Notable UK developer Martin Hollis has worked in the video game industry for over 19 years, being best known for his work at Rare in the '90s. Having produced and directed GoldeneEye 007 for the Nintendo 64, which sold over 8 million copies globally, Hollis went on to work on Perfect Dark.
He then left the company, which at that time was tied closely to Nintendo as a 'second-party' developer, to be a consultant on the development of Nintendo's Gamecube.
Hollis is now founder and CEO of Zoonami, a UK-based studio whose first WiiWare title, Bonsai Barber, was released in Europe one week ago, and which Gamasutra interviewed Hollis about when it debuted in North America.
However, in a wider interview, Gamasutra recently got the chance to speak with Hollis about how he got into games in England in the 1980s, his route into the game industry, the span of his career, and his current beliefs about the video game industry.
Did you play video games when you were a child?
Martin Hollis: Yeah, to an enormous extent. I had a BBC Micro.
Was that your first computer?
MH: This is quite a good story, so I'll tell it in the right order. So, first of all, my parents decided to buy a ZX-81 because it was the new thing. "Clearly, computers are going to be important. We'll help our son get a computer," they thought. £99.99 was a lot of money, really. Because my dad was a schoolteacher, moderately well-paid -- but it was a lot of money to our family.
And then, when we got it home, the machine didn't work. [laughs] So, we sent it back, and they sent us another one. I assume it was another one. It might have been the same one again. Anyway, it had the same problem: black screen.
So, we sent it off and my dad said, "Oh, well. We've kind of gone off Sinclair." [laughs] "So, why don't we spend £399 and get something that actually works?" So, I was a BBC Micro guy, and I made a bunch of games for it. I played... I don't know how many compilation discs that I had, with 20 games on each disc.
So, what were your favorites then? Chuckie Egg?
MH: Chuckie Egg is pretty good. I'd happily play that today, yes. Chuckie Egg, I'm not sure I could get through 192 levels. [laughs] You get older. I liked a lot of the coin-op conversions. Elite of course, I loved. It came to the BBC Micro first. I have to pretend to care more about the BBC... You know, like "The BBC is better than those other consoles." Still fighting that war. [laughs]
What kind of games were you making at that time?
MH: Not very good ones, I think, if I'm honest. Finding my way.
Well, you're kind of emulating everything you play, then.
MH: Yeah, a lot of emulating. I created some coin-op clones and made a very literal Pac-Man clone as well as a not-so-literal one, that was an Easter-themed game. With rabbits going around the maze.
Oh, nice! Do you remember what it was called?
MH: It was called Easter Maze.
Right, brilliant. [laughs]
MH: I guess I was probably 15 when I made that one. Yeah, it was kind of fun to do because I enjoyed it.
So, was that just for your own amusement? Did you share your creations with friends or anything like that?
MH: No, not always. You know, some of the games I just made and never showed them to anyone. I think that, if everybody died except me, I'd still make games.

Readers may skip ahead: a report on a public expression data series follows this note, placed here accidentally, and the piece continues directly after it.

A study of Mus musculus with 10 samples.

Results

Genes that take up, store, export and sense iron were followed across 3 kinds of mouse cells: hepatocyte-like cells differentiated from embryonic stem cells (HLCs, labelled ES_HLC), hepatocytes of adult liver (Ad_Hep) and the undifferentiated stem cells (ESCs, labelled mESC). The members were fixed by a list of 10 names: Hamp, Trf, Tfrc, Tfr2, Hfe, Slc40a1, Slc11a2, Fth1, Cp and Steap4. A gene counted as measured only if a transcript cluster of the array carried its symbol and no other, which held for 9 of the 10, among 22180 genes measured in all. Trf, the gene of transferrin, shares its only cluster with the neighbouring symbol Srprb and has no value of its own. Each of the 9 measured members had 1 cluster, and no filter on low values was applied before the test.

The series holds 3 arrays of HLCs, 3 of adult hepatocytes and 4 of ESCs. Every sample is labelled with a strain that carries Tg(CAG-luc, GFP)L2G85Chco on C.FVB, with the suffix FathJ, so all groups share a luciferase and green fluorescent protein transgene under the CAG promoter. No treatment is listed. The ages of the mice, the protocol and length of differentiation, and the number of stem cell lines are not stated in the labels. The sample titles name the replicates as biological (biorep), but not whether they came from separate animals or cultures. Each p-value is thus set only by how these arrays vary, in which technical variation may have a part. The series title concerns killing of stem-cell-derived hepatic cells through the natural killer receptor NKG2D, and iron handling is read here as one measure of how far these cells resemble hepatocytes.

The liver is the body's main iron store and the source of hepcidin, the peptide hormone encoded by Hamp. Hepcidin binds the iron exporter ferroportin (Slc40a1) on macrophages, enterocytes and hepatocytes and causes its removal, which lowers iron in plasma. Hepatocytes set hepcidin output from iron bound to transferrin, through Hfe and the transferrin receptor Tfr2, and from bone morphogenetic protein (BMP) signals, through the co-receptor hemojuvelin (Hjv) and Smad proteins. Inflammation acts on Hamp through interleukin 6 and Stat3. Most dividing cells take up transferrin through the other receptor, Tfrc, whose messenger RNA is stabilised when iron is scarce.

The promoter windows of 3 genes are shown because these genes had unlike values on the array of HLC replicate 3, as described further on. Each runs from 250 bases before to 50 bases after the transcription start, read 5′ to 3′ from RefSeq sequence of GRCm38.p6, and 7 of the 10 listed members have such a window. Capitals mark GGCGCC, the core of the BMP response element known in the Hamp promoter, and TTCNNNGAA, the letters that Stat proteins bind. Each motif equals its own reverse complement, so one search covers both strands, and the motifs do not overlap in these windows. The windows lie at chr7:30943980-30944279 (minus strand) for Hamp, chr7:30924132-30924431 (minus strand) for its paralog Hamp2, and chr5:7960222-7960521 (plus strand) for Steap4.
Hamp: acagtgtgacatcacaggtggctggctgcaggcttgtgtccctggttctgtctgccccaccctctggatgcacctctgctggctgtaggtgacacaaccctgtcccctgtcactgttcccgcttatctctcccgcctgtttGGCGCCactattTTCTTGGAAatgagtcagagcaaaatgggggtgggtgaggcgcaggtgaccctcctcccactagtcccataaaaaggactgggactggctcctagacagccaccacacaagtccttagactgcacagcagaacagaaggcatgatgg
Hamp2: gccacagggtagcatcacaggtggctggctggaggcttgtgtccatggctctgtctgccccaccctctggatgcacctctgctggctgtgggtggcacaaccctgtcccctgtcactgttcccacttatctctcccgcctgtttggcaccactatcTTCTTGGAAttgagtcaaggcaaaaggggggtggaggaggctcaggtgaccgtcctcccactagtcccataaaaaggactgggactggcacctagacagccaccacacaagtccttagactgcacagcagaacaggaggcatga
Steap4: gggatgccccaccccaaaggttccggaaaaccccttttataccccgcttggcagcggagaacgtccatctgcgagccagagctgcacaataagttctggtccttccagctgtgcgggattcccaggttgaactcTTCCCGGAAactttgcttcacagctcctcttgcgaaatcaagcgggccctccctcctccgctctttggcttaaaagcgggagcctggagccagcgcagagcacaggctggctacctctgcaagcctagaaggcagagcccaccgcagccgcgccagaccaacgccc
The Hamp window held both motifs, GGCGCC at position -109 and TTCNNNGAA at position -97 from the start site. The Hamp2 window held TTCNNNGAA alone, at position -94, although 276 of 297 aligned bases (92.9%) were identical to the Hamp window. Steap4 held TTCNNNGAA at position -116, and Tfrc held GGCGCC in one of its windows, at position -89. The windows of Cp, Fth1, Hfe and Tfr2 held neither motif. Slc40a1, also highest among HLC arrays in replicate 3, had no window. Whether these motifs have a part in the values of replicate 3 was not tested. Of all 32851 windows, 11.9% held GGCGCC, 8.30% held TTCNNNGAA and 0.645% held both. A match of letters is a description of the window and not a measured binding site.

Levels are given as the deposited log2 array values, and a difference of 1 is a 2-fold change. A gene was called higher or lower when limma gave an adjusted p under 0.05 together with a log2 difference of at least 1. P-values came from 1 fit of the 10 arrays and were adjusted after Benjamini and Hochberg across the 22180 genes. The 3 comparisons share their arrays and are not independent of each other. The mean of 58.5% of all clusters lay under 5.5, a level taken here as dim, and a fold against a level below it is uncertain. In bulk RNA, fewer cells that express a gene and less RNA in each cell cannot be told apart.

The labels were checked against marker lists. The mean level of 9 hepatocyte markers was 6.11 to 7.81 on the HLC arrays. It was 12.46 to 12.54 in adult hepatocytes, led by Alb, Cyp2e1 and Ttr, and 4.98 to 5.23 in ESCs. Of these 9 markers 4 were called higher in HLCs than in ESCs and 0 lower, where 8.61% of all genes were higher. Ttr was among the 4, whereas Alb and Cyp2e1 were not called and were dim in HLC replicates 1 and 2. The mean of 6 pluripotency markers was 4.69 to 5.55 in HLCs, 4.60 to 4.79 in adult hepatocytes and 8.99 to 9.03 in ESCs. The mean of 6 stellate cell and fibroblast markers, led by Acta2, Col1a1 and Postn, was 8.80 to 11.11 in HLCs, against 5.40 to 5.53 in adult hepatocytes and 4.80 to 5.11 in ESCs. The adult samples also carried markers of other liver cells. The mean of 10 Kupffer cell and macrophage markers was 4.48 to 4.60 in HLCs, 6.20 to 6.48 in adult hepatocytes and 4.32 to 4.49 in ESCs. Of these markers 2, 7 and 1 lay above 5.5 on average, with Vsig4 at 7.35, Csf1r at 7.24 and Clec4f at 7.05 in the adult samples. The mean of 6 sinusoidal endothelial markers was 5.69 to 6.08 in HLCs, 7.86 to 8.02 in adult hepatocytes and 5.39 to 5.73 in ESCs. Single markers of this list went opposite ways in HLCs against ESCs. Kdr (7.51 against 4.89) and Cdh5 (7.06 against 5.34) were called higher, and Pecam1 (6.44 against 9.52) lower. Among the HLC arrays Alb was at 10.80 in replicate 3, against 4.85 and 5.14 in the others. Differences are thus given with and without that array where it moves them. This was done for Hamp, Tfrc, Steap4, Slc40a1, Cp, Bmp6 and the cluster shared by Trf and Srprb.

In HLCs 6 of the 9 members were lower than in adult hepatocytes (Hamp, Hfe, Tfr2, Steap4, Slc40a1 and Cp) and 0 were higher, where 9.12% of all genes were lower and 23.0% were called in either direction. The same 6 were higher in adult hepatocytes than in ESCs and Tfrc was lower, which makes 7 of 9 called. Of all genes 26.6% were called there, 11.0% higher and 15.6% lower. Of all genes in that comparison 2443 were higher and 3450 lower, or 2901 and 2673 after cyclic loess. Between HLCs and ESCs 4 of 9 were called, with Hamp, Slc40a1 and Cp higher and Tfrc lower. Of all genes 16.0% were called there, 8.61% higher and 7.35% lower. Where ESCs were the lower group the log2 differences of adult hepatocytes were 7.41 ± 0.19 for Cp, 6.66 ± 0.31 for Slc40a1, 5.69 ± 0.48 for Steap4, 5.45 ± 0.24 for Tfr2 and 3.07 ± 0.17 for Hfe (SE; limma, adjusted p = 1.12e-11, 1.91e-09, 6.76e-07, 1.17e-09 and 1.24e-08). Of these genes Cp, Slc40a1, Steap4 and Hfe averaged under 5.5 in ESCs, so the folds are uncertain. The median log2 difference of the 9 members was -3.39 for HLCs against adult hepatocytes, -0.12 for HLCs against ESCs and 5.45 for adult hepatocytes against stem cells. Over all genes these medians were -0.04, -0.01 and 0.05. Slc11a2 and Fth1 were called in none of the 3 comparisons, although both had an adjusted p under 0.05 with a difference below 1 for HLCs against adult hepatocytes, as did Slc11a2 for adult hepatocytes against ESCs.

So, I love to show what I do generally speaking, and a lot of them were published in magazines for tie-in games, but it's not a necessity. It's not the main drive of my motivation.
Would you say then, that you prefer the process of creating games to consuming games?
MH: Well, I think naturally you need to see fewer and fewer games as you get older because, on average, there's less that's new in each game. Once you've seen a thousand games, it's quite likely that the 1001st game is going to have a lot of similarities with many of the others.
So, I try to find the games that really teach me something new and give me an interesting feeling, a new feeling.
What was the last title you experienced that with?
MH: Well, I'm not too chronological about it but... I told you this before, I really liked Dwarf Fortress. I think that's really interesting. But that was about a year ago now. You know, but it's still sinking in now, how good that is. I plan to play more Spelunky.
Yeah, that's a platform seller for me. I'm going to have to get my own PC in order to play Spelunky.
What about the blockbusters? Are there any that have grabbed you? I mean, you're best known for the ultimate blockbuster...
MH: [laughs] I guess it's true. There are a lot of things that I respect. The games that really sell a lot tend to have a lower density of exciting, new ideas.
At what point did you realize that this is what you wanted to do for a living?
MH: Yeah, that's a funny question. I left university... I'd studied Computer Science -- not thinking of games as a career despite the fact that I was still making them as a hobby -- and I went to a tiny engineering company, just me and the other guy in the office, doing inertial systems, accelerometers and gyroscopes for tracking boats and submarines. I did that for a year, and it wasn't that exciting to me. I liked the technology, but it wasn't that fulfilling.
I saw an advert for Rare, and I went for interview, not too seriously, I think. And we hit it off, and I was happy to be there. I was very happy there for a long, long time. I said to Chris Stamper later that I think to a lot of older people, a career in games is like running away to join the circus.
It's like, "I don't want my child to do this!" It's difficult. And I think credibility... Maybe they don't care about games, but I'd like them to see the games industry as a serious thing.